Turning a self-access centre into a social hub

When she took over the self-access centre at Hong Kong Education University, Dr Jessie Choi realised that ‘physical learning material was no longer a strong attraction.’ This is the story of her vision of a new approach to self-access language learning, based on social interaction.

In this post, published earlier this year, Julia Ker of the University of Surrey said that ‘it’s fundamental to the success of the [self-access centre] resources that staff are involved.’ This is echoed in a fascinating paper by Jessie Choi of Hong Kong Education University: ‘It was difficult for students, especially first-year ones, to know how they could use the self-access centre to help with their learning, it was thus important that teachers could help to “push” their students to visit the Centre by giving them tasks that had to be finished there. The Centre could then provide interesting and interactive tasks that “pulled” students to continue their visits.’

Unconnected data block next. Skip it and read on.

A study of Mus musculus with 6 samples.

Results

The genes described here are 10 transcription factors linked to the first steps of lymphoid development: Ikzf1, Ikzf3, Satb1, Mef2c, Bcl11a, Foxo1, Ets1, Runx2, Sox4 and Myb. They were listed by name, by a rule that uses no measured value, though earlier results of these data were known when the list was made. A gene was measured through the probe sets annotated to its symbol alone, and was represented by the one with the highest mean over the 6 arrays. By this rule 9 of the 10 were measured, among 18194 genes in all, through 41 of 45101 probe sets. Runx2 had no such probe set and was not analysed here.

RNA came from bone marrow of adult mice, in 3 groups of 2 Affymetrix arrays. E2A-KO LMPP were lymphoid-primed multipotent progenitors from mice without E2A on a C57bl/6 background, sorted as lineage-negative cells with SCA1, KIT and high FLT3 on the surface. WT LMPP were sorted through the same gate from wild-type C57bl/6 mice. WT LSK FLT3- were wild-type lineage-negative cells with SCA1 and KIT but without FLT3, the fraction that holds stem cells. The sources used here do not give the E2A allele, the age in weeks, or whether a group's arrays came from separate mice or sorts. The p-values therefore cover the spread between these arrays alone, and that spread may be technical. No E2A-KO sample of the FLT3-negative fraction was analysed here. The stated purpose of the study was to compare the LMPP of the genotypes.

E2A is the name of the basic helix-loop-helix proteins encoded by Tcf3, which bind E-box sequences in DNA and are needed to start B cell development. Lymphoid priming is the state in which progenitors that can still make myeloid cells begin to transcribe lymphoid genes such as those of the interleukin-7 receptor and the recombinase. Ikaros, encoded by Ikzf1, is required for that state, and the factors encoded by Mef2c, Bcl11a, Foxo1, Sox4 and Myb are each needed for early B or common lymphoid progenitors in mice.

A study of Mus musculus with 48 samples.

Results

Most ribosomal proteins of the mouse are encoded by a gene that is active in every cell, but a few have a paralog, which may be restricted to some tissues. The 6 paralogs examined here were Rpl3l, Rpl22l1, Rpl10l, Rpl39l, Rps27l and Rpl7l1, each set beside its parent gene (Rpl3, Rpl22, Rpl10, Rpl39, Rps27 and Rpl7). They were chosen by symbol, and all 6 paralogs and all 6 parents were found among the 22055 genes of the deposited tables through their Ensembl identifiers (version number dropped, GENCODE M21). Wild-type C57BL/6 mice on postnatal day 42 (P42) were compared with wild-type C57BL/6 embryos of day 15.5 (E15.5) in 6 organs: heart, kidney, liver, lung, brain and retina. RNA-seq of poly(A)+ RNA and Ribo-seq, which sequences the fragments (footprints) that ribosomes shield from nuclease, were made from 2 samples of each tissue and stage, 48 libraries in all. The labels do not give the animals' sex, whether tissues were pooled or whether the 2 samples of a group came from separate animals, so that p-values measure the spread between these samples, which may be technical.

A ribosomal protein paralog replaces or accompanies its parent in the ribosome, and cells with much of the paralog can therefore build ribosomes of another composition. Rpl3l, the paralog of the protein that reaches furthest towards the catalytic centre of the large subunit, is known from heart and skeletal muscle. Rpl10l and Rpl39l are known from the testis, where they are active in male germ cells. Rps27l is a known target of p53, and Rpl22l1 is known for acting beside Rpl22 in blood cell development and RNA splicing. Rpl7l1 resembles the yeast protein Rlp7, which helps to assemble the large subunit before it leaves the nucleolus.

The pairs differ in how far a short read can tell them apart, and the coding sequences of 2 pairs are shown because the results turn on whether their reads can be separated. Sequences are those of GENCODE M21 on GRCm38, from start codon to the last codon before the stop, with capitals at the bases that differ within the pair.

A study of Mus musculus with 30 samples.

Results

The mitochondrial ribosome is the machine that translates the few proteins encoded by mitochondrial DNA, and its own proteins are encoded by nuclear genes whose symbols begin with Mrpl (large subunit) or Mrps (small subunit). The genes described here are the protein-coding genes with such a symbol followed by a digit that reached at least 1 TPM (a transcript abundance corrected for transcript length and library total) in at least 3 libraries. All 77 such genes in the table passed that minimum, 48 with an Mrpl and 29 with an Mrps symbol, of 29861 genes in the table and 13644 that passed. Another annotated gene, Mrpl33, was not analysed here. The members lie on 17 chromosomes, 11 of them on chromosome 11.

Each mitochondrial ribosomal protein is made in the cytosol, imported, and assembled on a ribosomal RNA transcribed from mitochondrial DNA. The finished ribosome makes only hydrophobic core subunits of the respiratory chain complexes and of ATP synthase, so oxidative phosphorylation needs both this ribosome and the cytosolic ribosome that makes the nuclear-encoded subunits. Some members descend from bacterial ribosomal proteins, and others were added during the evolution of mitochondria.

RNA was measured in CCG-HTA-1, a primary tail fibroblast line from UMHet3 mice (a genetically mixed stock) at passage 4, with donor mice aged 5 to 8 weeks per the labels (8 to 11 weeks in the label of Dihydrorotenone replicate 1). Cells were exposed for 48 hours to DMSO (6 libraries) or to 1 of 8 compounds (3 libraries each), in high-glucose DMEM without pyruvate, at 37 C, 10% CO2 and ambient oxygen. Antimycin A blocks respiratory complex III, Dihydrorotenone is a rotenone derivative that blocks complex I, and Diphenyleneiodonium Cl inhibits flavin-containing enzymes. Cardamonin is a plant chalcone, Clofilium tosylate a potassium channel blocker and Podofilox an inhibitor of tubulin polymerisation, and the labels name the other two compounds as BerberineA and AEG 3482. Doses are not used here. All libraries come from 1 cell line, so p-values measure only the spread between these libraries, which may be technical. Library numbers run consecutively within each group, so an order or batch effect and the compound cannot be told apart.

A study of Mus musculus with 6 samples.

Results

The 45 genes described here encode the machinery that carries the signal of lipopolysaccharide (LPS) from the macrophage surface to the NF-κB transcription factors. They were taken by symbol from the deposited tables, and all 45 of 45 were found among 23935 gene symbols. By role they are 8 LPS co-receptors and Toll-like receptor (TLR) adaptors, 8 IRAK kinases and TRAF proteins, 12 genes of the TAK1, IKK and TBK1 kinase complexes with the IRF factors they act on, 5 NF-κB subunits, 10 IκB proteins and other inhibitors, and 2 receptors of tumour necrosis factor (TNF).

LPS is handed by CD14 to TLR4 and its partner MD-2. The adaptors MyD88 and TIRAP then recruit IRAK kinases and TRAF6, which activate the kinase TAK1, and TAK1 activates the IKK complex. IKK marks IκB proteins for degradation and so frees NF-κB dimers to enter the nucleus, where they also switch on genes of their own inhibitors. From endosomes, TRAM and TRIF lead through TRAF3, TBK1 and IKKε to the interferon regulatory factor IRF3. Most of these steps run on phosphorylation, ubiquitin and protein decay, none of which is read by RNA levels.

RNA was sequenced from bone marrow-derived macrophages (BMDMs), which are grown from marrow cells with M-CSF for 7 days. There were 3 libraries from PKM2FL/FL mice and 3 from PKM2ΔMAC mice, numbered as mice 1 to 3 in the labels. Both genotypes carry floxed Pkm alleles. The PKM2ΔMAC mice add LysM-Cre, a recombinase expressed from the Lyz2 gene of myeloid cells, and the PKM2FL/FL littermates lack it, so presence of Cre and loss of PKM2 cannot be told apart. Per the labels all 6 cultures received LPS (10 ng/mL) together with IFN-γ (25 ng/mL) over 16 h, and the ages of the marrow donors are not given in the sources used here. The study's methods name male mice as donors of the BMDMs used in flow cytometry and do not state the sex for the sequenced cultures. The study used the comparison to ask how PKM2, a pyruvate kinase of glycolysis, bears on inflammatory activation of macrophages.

In the paper, Dr Choi describes how she aimed to transform an existing self-access centre into ‘a gathering place for social learning’. She lays out the theory and practice that resulted in visitor numbers rising from 4,727 to 13,284 in the space of just one year.

Read the paper here.

2 comments

  1. Said Ahmed Al Busaidi says:

    This is a very interesting issue. Despite the challenges, still I strongly believe that Self Access Centers (SAC)could be one of the most effective tools for learning especially languages. I am very much interested to know more about any new methodology available in the market for using (SACs). In particular Iwoild like to know how teachers could be involved in the process of using SACs.